Russia has put what it has dubbed the "light vaccine" against Covid-19 — the first component of the original two-dose version of Sputnik-V — into mass circulation.
"The control phase was finished yesterday," RIA Novosti quoted Russian Health Minister Mikhail Murashko as saying on Saturday. "The first series of the Sputnik Light vaccine were produced and introduced into civilian circulation."
Developed by the Moscow-based Gamaleya Research Institute of Epidemiology and Microbiology under the Russian Health Ministry, Sputnik Light is a vector vaccine based on human adenovirus that has proven to be safe and effective, in which the SARS-CoV-2 coronavirus gene is integrated. Adenovirus is used as a carrier to deliver a small fragment of the coronavirus gene to cells and start the synthesis of the new coronavirus' envelope proteins, introducing the immune system to a potential enemy.
Russian authorities view the one-dose vaccine as a suitable jab for the revaccination of citizens and for vaccination of those who had Covid-19. About 2.5 million doses of the vaccine will be ready for use by the end of this month, he added.
The decision to approve and deploy Sputnik Light came after the first component of the standard vaccine — Sputnik V — was produced in significantly larger quantities than the second dose.
The difference from the Sputnik V vaccine is that the Sputnik Light jab is administered once, and has demonstrated efficacy of 79.4 percent. The light version of the vaccine was originally earmarked for export to help countries with high infection rates combat the pandemic.
The first component of the country’s flagship two-dose Sputnik V vaccine, which is compatible with standard vaccine storage and logistics requirements, costs less than $10 a dose. Although Sputnik Light had an affordable price of under $10 per dose, the two-dose Sputnik V vaccine remains the main version used in Russia's vaccination campaign, while the lighter version has been allocated for export.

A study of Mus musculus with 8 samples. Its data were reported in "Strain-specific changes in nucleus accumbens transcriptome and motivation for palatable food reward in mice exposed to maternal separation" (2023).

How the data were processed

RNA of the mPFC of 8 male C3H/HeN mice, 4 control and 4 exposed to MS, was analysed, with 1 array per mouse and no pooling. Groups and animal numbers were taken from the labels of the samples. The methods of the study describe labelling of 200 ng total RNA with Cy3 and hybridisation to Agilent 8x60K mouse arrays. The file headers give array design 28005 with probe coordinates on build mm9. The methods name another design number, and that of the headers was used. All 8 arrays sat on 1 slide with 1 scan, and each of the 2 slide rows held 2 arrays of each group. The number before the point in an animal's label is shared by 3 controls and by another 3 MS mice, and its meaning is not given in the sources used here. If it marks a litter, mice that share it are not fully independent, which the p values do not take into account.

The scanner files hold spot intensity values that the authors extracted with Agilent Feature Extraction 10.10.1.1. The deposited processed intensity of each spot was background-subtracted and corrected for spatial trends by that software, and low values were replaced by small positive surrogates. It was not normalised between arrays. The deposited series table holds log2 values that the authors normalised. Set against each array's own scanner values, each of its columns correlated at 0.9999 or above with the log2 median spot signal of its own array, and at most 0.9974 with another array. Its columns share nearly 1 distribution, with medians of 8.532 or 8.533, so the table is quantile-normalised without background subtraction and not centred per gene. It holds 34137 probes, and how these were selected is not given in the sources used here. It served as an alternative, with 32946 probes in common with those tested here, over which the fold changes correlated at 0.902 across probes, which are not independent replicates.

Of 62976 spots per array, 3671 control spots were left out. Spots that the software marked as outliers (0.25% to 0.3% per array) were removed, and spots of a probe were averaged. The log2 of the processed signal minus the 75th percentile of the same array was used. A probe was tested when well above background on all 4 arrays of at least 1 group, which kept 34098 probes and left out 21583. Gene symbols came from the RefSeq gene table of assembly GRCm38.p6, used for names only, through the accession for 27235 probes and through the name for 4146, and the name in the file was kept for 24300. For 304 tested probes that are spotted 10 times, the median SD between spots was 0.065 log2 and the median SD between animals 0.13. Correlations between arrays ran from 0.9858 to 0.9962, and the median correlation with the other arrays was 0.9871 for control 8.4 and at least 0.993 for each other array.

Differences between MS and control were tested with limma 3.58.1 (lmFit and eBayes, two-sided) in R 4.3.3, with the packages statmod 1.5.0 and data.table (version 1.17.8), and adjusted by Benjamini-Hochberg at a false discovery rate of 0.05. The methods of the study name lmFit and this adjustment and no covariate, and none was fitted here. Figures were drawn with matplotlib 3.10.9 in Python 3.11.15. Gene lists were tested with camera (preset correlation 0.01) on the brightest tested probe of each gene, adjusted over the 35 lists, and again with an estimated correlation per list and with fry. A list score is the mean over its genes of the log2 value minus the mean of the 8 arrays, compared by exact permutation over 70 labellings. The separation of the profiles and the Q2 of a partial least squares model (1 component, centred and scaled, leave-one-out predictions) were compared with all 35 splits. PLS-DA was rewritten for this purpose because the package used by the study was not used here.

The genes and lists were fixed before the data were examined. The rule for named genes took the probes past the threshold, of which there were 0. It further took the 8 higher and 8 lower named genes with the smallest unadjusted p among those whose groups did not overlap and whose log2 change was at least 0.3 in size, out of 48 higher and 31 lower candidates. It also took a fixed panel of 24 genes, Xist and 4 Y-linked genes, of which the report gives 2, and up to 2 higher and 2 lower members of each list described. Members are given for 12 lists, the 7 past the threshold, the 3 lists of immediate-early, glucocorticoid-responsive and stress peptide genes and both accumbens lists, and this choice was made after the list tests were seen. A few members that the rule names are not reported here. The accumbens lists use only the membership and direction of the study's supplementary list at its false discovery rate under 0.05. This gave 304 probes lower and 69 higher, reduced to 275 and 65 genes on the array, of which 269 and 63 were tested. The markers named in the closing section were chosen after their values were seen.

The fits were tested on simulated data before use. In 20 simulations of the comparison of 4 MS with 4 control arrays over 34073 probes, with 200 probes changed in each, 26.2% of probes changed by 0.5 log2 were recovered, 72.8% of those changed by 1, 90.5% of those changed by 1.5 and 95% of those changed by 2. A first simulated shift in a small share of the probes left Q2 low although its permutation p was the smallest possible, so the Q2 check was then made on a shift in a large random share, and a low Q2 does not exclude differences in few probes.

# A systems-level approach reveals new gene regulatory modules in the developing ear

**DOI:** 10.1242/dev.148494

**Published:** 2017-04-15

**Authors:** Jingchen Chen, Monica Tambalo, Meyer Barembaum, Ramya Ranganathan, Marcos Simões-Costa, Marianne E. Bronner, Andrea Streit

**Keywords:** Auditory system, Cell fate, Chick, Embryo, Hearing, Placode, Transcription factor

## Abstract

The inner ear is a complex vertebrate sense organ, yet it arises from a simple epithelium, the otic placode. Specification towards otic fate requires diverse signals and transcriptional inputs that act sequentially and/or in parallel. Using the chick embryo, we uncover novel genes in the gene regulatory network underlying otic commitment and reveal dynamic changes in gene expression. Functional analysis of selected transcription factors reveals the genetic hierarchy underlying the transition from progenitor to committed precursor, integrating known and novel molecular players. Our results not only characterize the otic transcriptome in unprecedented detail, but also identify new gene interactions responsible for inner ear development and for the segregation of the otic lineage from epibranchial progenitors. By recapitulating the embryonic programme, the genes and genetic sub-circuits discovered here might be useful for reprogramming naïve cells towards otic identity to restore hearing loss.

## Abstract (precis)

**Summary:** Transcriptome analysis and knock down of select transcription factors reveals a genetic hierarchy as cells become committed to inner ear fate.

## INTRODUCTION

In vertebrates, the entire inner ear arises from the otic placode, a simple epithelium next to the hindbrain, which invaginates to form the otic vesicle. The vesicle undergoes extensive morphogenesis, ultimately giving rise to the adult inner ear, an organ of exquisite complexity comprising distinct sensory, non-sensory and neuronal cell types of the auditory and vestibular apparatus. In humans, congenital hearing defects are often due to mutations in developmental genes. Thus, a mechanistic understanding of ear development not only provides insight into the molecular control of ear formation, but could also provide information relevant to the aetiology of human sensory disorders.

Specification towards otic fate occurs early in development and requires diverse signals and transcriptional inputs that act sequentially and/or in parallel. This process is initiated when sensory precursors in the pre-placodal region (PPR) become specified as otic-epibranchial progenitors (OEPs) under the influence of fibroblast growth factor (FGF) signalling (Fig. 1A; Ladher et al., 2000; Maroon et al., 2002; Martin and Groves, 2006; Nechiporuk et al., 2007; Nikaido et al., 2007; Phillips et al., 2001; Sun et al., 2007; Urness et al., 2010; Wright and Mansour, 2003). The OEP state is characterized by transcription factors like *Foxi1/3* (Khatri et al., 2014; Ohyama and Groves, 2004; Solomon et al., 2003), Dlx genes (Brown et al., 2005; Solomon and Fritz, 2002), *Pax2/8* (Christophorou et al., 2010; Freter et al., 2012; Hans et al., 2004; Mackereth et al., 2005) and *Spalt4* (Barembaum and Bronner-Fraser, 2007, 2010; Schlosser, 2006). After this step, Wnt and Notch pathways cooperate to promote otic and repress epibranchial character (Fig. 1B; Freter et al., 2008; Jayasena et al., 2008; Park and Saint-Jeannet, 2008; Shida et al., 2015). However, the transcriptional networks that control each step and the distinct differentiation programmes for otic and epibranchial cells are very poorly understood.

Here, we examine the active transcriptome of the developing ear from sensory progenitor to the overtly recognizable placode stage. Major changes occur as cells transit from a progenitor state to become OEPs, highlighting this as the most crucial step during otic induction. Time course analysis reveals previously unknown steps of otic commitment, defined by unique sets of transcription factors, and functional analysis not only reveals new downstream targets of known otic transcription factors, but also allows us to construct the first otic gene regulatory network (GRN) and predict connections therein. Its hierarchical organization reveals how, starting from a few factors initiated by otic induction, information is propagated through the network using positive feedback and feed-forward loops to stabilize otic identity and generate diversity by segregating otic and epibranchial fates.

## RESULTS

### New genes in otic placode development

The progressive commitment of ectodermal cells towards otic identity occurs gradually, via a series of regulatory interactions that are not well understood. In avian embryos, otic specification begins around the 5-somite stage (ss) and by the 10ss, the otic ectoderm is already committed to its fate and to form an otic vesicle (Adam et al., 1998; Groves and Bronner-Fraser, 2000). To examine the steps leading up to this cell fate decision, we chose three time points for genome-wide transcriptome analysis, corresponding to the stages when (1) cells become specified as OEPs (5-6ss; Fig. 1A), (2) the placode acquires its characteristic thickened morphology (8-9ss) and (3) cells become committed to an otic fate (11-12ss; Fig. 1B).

Sputnik Light is Russia's fourth domestically produced vaccine against the novel coronavirus behind Sputnik V, EpiVacCorona, and CoviVac. A country of almost 146 million people, Russia rolled out its vaccination campaign last December using its first coronavirus vaccine, "Sputnik V," named after the first artificial satellite launched into the Earth’s orbit in 1957. As of June 28, nearly 17 million Russians received both doses of Sputnik V.
While the Sputnik-V vaccine’s efficacy is confirmed at 91.4% based on data analysis of the final control point of clinical trials, the vaccine efficacy against severe cases of coronavirus is 100%. Russia's two-dose vaccine was registered on August 11, before the results of the third and final phase of human trials even began.
The vaccine uses two different adenovirus vectors to prompt the human immune system to produce antibodies that protect against the new coronavirus, similar to the one being developed and trialed by Oxford University in partnership with AstraZeneca. Sputnik V is administered in two doses, with a 21-day gap between the two jabs.